Published on January 31st, 2013 | by Elizabeth Coleman0
Review: “Interlace” at Traywick Contemporary
In a few words...
Summary: "Interlace" is a peaceful repose from the stresses of everyday life, inviting viewers to pause and reflect.
When was the last time you meditated? The last time you took a moment for yourself to clear your mind of all the idle chatter and useless dialogue? The last time you focused on something other than your job, your to-do list or the current drama in your life? Dharma Strasser MacColl’s latest exhibit, Interlace, currently on display at Traywick Contemporary in Berkeley, California, helps you do just that, inviting you to pause and take a moment for yourself.
Strasser MacColl’s works on paper incorporate porcelain, silk thread, felt and gouache to create sculptural patterns and delicate lace-like cutouts. She starts with handmade and hand-dyed Nepalese Lokta paper, tearing down and piecing together blocks of color with careful stitching. She then plays with negative and positive space, cutting out geometric patterns and stitching small porcelain discs and beads together to create intricate arrangements.
Interlace is Strasser MacColl’s second solo show at Traywick Contemporary. The gallery makes its home in a converted Masonic temple, and chose to work with the existing architecture during renovations so that the space resembles a modern, sophisticated living room, dining room and kitchen area with a showroom floor. The home décor of Traywick Contemporary allows viewers to have a more comfortable, intimate, and relaxed encounter with the work than a more minimalistic gallery.
Aside from Strasser MacColl, the gallery is currently displaying David Sleeth’s installation, Drift, a collection of large sculptures made from fixed-together cardboard and carved to resemble wood — a nice balance to Strasser MacColl’s organic designs.
Strasser MacColl’s work examines the combination of seemingly contradictory elements: materials that appear simultaneously hard and soft, negative and positive space, the constructed and the organic. Visual resting places and moments of quiet reflection and meditation are interspersed into her work as well. In her piece, Clearing, hundreds of tiny white porcelain beads are sewn into Lokta paper, resulting in a hybrid drawing-sculpture piece that resembles white grainy sand or pebbles, and blurs two-dimensional and three-dimensional boundaries. An untouched section of brown paper rests amidst the porcelain beads; this cleared space acts as a mental pause, inviting the viewer to fill in their own possibilities about the piece.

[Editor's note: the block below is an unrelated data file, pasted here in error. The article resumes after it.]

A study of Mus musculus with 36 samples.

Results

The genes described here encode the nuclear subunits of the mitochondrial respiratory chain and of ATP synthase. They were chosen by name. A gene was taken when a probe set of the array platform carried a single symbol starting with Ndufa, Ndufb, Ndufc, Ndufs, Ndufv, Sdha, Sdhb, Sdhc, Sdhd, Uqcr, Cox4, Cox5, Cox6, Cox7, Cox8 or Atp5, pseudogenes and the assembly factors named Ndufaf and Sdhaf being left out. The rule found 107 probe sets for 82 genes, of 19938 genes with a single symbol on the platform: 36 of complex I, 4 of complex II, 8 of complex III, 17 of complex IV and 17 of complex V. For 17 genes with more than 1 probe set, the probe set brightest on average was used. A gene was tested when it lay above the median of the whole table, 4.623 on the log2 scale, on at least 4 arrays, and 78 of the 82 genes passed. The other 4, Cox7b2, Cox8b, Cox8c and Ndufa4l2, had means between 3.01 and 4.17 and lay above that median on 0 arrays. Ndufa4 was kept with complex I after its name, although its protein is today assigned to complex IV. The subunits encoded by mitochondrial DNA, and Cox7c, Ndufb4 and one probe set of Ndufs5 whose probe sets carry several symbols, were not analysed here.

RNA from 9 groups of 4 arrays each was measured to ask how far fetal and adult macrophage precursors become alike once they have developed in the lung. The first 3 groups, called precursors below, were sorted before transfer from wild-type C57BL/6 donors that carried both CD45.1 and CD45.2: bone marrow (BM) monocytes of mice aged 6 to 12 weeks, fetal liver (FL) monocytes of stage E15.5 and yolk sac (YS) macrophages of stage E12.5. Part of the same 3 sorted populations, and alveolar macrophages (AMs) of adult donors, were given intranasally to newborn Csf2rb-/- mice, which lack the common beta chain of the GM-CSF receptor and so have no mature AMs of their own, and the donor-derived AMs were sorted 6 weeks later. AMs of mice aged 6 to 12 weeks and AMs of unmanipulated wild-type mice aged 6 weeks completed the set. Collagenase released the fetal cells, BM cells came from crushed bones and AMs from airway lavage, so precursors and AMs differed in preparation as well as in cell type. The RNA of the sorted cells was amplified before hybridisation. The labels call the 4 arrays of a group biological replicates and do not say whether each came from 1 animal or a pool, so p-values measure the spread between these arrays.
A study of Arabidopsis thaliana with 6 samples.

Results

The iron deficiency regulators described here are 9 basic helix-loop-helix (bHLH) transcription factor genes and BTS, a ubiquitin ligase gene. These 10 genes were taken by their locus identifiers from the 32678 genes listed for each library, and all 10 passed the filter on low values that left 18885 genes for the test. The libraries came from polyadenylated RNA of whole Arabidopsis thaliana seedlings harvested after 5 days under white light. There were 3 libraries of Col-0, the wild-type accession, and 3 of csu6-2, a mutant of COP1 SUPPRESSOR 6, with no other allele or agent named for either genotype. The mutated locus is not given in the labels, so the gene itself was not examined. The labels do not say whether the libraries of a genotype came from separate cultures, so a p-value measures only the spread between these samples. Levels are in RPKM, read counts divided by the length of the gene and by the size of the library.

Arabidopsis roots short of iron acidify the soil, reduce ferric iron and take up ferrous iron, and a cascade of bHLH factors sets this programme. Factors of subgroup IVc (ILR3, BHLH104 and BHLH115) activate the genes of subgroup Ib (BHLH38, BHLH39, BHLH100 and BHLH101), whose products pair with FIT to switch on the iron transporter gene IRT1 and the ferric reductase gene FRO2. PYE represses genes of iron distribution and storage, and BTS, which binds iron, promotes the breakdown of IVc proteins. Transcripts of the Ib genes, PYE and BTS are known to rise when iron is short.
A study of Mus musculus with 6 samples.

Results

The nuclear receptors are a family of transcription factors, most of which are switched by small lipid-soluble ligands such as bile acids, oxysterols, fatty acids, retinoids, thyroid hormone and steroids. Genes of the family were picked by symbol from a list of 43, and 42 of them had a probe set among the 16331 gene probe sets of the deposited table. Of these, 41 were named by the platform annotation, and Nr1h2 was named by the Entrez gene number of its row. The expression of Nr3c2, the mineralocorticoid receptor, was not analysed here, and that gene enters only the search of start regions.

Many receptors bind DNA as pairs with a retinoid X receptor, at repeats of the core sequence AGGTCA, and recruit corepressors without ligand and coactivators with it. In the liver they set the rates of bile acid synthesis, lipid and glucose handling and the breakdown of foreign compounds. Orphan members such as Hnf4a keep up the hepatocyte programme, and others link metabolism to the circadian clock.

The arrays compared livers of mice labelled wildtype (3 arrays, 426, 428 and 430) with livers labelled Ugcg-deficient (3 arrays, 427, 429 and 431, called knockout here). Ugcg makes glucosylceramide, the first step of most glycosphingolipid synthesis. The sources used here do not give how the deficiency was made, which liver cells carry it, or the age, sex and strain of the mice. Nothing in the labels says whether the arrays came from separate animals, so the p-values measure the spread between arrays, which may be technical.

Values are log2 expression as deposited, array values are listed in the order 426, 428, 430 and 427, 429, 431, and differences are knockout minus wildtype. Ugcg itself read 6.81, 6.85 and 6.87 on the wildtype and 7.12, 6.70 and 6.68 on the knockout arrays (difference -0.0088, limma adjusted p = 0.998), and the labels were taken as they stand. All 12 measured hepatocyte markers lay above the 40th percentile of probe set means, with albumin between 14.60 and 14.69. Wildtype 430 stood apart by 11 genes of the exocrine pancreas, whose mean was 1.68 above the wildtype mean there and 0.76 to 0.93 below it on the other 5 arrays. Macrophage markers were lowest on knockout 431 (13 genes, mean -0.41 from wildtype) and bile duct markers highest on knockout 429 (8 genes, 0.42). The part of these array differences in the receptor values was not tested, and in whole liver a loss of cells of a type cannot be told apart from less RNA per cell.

Indeed, Strasser MacColl’s work is an exploration of Ma, the Japanese word for “the space between.” It is only through pause that form has, well, form. A popular example lies with music. It is only the pause between notes, however slight, that gives a piece any sort of composition. With material objects, it is the negative space that gives form to the positive space: one cannot exist without the other. In meditation, the goal is to be aware of the space between the thoughts, and to cultivate pauses in the constant mental noise.
Strasser MacColl has a unique ability to create pieces that simultaneously resemble multiple and paradoxical objects, adding different layers of dimensionality to the constructs. In Orange Interlace, Strasser MacColl highlights this negative space through lace-like patterns that resemble flower bursts and bubbles. The orange color throughout the piece is reminiscent of Buddhist monk robes and evokes a striking yet calming tone. Another piece, Stone Lace, is entirely focused on the negatie space of the cutouts, resembling mosaic patterns or even scattered seeds on the earth.
Strasser MacColl’s work also examines fluidity and subtle movement. Some of her pieces resemble strings of freshwater pearls, or perhaps dew upon spider webs. In Suspend III, the eye naturally follows the arc of the dangling strings, set against a blue backdrop, sweeping through the piece and creating a sense of calm through the eye’s motion. In Small Transmit, a starburst pattern set against a moss-green background, the eye naturally jumps to each of the grey and white porcelain disks radiating out from the center of the circular form, like skips of stone on water, fading as they get further away from the initial impact before being drawn once again to the center.
Ultimately, though, Strasser MacColl’s pieces are visual mediations, jumping between form and non-form to create a profound awareness of “the gap:” the fleeting moment “in between.” The result is a peaceful repose and an escape for the mind from the stresses of everyday life, adding a rich sense of meaning to the ability to pause.
Interlace runs through March 9 at Traywick Contemporary. Visit www.traywick.com for more information about Dharma Strasser MacColl and her work.